In a world where digital customers are constantly connected, highly informed and always on the go, traditional customer segmentation is no longer enough for marketers. To gain valuable insights and refine the customer experience, marketers need to dig deeper into how they analyse data.
Intelligent enterprises utilise data to drive business decisions about customers, products, competitors and markets in order to improve operational efficiency, accelerate innovation and serve customers more effectively. Rather than competing for one-time transactions, organisations should focus on embedding intelligence into their systems to create a loop of continuous, relevant connections with customers before, during and after they make purchases, known as hyperpersonalisation.
Customer genomes – the detailed digital DNA of customers – are the next generation of market and customer segmentation that organisations need to consider in order to keep up with evolving customer needs. Customer genomes focus on using traditional data (such as demographics, purchase history and loyalty programs), alternate data (from sources such as social media profiles and community-based data) and derived data (including insights describing an individual obtained from analysis of the selected data sets) to create digital DNA that includes the information every organisation should know about each of their customers.
This organically derived data includes distinctive markers that organisations can apply to create targeted approaches to high-value customers and prospects. By effectively leveraging all of this data, organisations can evolve from personalisation to hyperpersonalisation of data, which is tailored to each individual customer.
Examples of this approach have already started to pop up around the world. Monsoon Accessorise, a UK fashion retailer, uses multichannel data sources to deliver unique personalised offers to customers via emailed receipts. These offers are based on a variety of shopper inputs, such as online behaviour and the items in the shopper’s basket. Walmart Media Exchange is also adopting this approach by using data collected from store sales, social-media platforms and third parties to supplement data from its Savings Catcher loyalty program. With this data, Walmart plans to separate customers into relevant segments and eventually create individual customer profiles to assist with creating better offers for customers, as well as to improve targeted marketing activities.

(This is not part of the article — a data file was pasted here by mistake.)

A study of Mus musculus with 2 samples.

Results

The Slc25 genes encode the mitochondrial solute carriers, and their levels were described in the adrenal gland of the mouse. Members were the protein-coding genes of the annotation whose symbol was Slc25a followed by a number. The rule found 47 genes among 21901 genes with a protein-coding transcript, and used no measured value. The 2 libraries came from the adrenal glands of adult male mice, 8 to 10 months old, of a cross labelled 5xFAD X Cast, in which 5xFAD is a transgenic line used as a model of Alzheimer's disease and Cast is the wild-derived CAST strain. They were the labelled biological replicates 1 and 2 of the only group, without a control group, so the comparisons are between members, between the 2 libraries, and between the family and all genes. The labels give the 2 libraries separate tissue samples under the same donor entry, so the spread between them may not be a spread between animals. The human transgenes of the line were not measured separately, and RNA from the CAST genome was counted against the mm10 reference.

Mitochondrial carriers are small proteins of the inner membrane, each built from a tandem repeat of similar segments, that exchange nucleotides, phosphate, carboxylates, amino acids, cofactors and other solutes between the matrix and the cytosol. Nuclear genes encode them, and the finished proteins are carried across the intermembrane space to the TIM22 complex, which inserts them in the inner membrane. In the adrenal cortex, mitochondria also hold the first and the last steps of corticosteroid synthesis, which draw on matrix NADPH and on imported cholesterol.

Organisations can use customer genomes to develop a deeper understanding of individual customer needs, preferences and lifestyles. They can also streamline and manage inventory by distributing products to regions where clusters of customer genomes reside. When organisations use a customer genome to its full extent to create innovative engagement strategies, they can provide a seamless lifestyle experience for a particular customer across all interactions.
One possible application of a customer genome is a contextual enhancement, which involves extracting customised content that is based on how and where a customer is accessing information. For instance, if a customer looks up flight information while at a hotel, a transportation company could display an advertisement for a taxi service.
Internet browsing behaviour data (time on site, click sequences, preferred methods of purchase and couponing) can also be used to make assumptions about a customer’s preferred channels of interaction, and identify products customers are searching for.
Using customer genomes with mobile devices allows organisations to deliver relevant content to individuals based on location information. Mobile behaviour data can also provide an individual customer’s location patterns, helping an organisation to understand how the customer’s life is organised on a daily or weekly basis. Using the customer genome, organsiations can present personalised messages to customers in real-time and at the point of decision.
Pursuing hyperpersonalisation strategies and innovative pricing and promotion models help organisations to build customer loyalty, increase sales and reduce costs. Organisations that are ready to stretch their boundaries need to understand more about the data they have available and use advanced multichannel analytics that spans customers’ traditional, social, behavioural and contextual data in order to enhance interactions with customers.
By Michael Buckley
Accenture Interactive lead for Australia and New Zealand.